VATICAN CITY – Pope Benedict XVI said his April 15-20 visit to the United Nations and the United States was an opportunity to give – and to receive – a witness to the power of hope and faith.
Reflecting on his trip during his April 30 weekly general audience, the pope said the hope that flows from faith in Christ can vanquish even the darkness cast by the Sept. 11, 2001, terrorist attacks.
Christian hope, “stronger than sin and death, animated a moment filled with emotion, which I passed in silence in the abyss of ground zero, where I lighted a candle, praying for all the victims of that terrible tragedy,” the pope said.
The pope began his general audience by publicly thanking the U.S. Conference of Catholic Bishops and President George W. Bush for inviting him, and all those who greeted him with affection and offered prayers for the success of his visit.
Particularly when celebrating his third anniversary as pope with an April 19 Mass in St. Patrick’s Cathedral in New York, he said “it was a moving moment in which I experienced in a tangible way all of the support of the church for my ministry.”
Addressing the 20,000 people who had gathered in St. Peter’s Square for the audience, the pope said he set out on the trip “to confirm Catholics in the faith, to renew and increase brotherhood with all Christians and to proclaim to all the message of Christ our hope.”
Speaking in German without his prepared text, the pope said that everywhere he went in the United States “I was able to experience the fact that the faith is alive, that Christ is there today among the people, that he shows them the way and helps them to build the present as well as the future.”
The pope told the German speakers that God gave him an opportunity to try to strengthen the faith of others, “but at the same time, I was strengthened and came back strengthened.”
In his main audience talk, Pope Benedict said that the United States, from its founding, was built “on the foundation of a felicitous joining of religious, ethical and political principles, which still today constitutes a valid example of healthy secularity.”
The United States, he said, is a place “where the religious dimension in all its variety is not only tolerated, but is valued as the spirit of the nation and as the fundamental guarantee of human rights and responsibilities.”
Modern life and global realities continue to challenge the country, he said, and the Catholic Church has an obligation to offer its voice in order to help citizens build a society worthy of the human person and one that uses its resources to help others.
The timing of the trip, he said, was chosen to help celebrate the bicentennials of four archdioceses in the United States: New York, Boston, Philadelphia and Louisville, Ky. They were erected from the Baltimore Diocese, the nation’s first diocese, which was elevated to an archdiocese in the same year, 1808.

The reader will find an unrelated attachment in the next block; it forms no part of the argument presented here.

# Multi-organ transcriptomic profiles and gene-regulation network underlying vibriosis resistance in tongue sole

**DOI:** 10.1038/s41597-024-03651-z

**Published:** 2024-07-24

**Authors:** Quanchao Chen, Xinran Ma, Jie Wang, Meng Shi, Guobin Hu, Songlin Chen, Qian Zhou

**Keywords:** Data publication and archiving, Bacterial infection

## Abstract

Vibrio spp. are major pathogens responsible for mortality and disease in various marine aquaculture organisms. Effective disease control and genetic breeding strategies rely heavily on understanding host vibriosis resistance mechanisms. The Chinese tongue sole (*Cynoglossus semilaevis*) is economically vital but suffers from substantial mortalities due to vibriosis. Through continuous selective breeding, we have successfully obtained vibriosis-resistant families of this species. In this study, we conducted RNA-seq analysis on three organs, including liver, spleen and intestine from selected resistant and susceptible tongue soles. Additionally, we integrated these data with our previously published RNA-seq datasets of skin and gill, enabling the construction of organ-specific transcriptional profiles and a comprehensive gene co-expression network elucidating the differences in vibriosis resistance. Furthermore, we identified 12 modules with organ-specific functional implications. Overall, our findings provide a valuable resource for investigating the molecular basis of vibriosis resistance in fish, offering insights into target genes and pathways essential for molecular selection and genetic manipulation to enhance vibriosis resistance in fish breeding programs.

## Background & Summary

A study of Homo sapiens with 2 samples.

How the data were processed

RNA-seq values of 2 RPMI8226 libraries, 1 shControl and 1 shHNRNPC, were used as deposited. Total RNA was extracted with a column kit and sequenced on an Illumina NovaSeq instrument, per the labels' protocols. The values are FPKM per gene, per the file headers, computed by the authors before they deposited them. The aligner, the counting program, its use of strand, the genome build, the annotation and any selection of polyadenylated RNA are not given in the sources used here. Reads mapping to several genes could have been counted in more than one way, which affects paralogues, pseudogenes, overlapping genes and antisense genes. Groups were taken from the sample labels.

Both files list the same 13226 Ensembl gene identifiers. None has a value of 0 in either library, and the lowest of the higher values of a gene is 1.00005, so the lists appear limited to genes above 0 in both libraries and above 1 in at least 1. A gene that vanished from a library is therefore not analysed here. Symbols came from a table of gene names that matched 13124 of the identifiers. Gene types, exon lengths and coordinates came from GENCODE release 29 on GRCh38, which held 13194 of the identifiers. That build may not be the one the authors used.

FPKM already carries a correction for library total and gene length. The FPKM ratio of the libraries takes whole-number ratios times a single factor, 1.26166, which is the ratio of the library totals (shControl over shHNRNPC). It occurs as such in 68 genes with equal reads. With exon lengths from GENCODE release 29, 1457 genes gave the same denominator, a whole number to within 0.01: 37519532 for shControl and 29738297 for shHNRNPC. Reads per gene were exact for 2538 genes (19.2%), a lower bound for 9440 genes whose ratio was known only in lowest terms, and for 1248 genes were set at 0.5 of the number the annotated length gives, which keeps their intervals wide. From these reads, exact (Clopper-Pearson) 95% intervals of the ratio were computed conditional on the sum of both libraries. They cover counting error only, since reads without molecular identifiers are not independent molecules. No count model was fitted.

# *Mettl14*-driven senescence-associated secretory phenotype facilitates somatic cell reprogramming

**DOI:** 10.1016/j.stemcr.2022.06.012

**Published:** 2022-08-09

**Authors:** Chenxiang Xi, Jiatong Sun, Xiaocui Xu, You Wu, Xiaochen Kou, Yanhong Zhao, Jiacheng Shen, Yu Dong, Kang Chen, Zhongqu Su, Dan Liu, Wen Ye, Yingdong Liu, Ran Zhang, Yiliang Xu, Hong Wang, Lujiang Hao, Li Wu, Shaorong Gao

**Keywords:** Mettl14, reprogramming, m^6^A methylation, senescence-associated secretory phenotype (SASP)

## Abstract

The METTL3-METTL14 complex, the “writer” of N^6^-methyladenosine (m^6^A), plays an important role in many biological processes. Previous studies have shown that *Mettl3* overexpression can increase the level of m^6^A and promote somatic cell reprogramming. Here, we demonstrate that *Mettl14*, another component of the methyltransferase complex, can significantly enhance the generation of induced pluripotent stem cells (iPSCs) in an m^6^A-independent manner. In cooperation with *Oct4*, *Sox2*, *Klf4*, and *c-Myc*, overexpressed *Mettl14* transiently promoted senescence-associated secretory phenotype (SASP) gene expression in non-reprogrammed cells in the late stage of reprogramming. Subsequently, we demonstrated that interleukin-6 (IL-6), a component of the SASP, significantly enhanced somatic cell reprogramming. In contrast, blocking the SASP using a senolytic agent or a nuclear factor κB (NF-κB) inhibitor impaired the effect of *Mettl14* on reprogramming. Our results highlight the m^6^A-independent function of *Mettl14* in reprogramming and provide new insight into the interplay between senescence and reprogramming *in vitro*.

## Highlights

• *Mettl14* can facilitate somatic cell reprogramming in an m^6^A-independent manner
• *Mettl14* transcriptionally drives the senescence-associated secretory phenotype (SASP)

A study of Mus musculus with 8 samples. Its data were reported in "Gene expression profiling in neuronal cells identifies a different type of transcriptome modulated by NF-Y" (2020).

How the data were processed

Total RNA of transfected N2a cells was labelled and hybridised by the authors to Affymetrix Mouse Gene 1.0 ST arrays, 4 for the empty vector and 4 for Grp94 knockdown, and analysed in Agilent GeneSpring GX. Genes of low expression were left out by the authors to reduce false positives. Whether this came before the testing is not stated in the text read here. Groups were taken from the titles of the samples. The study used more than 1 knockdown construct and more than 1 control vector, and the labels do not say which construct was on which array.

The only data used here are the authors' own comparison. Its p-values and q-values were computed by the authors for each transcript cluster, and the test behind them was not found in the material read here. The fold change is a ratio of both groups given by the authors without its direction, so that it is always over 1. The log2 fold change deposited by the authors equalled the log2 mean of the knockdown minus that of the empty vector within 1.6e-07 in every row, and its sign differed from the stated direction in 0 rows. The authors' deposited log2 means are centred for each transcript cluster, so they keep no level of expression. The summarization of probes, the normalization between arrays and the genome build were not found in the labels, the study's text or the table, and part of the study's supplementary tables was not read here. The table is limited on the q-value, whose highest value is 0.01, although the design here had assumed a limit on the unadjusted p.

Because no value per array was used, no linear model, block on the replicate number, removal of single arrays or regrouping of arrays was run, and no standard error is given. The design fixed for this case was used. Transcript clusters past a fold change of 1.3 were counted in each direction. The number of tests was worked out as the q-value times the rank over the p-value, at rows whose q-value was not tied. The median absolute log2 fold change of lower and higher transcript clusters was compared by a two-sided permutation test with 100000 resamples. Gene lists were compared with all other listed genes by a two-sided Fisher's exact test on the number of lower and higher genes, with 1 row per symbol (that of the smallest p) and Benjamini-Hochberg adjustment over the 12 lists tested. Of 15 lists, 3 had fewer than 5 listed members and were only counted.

“The original small flock has developed enormously, enriching itself with the faith and traditions of the successive influx of immigrants. To that church which now faces the challenges of the present, I had the joy of proclaiming again Christ, our hope, yesterday, today and forever,” he said.
Praising the zeal of the bishops and priests who have led U.S. Catholics over the years and “the fervor and generosity of its faithful,” Pope Benedict said the Gospel and Christian values – particularly the value of human life and the centrality of the traditional family – must be strengthened in order to face new moral, ethical and political challenges.
As he did throughout his trip, the pope also spoke at his audience about the clergy sex abuse scandal that rocked the U.S. church.
“Thinking of the painful affair of the abuse of minors committed by ordained ministers, I wanted to express my closeness to the bishops, encouraging them in their commitment to bind up the wounds and to reinforce relations with their priests,” he said.
Pope Benedict said the “multicultural vocation” of the United States and the active presence of a wide variety of Christian communities and other religions gave him an opportunity to meet with religious leaders to promote closer cooperation among Christians and a dialogue to strengthen peace and religious values with other believers.
At the United Nations, he said, he wanted to help celebrate the 60th anniversary of the Universal Declaration of Human Rights and confirm its enduring value precisely because it is based on “the dignity of the human person, created by God in his image and likeness, in order to cooperate with him in his plan for life and for peace.”
Respect for human rights and peace can flourish only where there is justice, “an ethical order valid for all times and all peoples,” which can be summarized with Jesus’ phrase, “Do unto others as you would have them do unto you.”